PLACE is a core tag globally available, the largest bucket holding together the sub-elements defining location. It must enclose every set or nest of more specific tags signifying place: GEOG, REGION, SETTLEMENT, etc., where it structures information about geographical location. All content information --- i.e. the names of places -- is placed inside its sub-elements. Place does allow free prose which can be used for untagged descriptors like 'near' or 'the tiny village of' and to enter punctuation.
Locating events and people is a priority of our Project. By indicating where events occurred, we will be able to bring together people and places, and to uncover geographical connections between writers as yet undiscovered.
There are two main goals for tagging place: mapping and indexing. We hope automatically to provide our users with maps of literary history. For example, by using the places tagged with biography documents, we might generate a map for each woman writer's life which places her in specific places at specific dates. We also hope to allow users to see a map of events for a particular year which would bring together geographical information from all Project schemas. In order to automate mapping, it is crucial that we provide place information in a structured and recognizable way. In addition to mapping, we want to provide a user with an index of places, for instance of all women writers who lived in Bloomsbury or all events which took place in Bath.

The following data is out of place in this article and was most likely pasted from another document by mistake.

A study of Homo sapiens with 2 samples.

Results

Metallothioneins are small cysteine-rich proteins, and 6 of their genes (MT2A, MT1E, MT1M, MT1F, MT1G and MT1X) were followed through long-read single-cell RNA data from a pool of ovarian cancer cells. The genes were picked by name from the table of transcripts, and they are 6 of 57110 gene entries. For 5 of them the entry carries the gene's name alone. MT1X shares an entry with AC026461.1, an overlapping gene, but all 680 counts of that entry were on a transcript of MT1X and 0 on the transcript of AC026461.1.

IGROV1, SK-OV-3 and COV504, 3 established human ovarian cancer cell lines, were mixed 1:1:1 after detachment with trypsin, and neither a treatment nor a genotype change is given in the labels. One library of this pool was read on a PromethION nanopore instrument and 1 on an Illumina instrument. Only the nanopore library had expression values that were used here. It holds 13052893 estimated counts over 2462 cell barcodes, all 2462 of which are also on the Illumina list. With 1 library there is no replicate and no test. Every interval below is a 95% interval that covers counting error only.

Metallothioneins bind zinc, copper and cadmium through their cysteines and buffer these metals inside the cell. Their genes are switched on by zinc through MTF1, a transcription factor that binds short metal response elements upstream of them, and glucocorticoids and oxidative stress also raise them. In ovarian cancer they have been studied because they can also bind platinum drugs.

While we prioritize the tagging of place, not all places require tagging. We hope to enhance our geographical information by context-specific tagging. For example, by tagging only places where events occurred in the material of a CHRONSTRUCT rather than all places mentioned in the prose, we will be able to map that event to the place tagged.
PLACE is available within most elements which contain prose. It has the following content sub-elements which divide PLACE into smaller units: PLACENAME, ADDRESS, SETTLEMENT, REGION, and GEOG, with AREA hopefully to follow.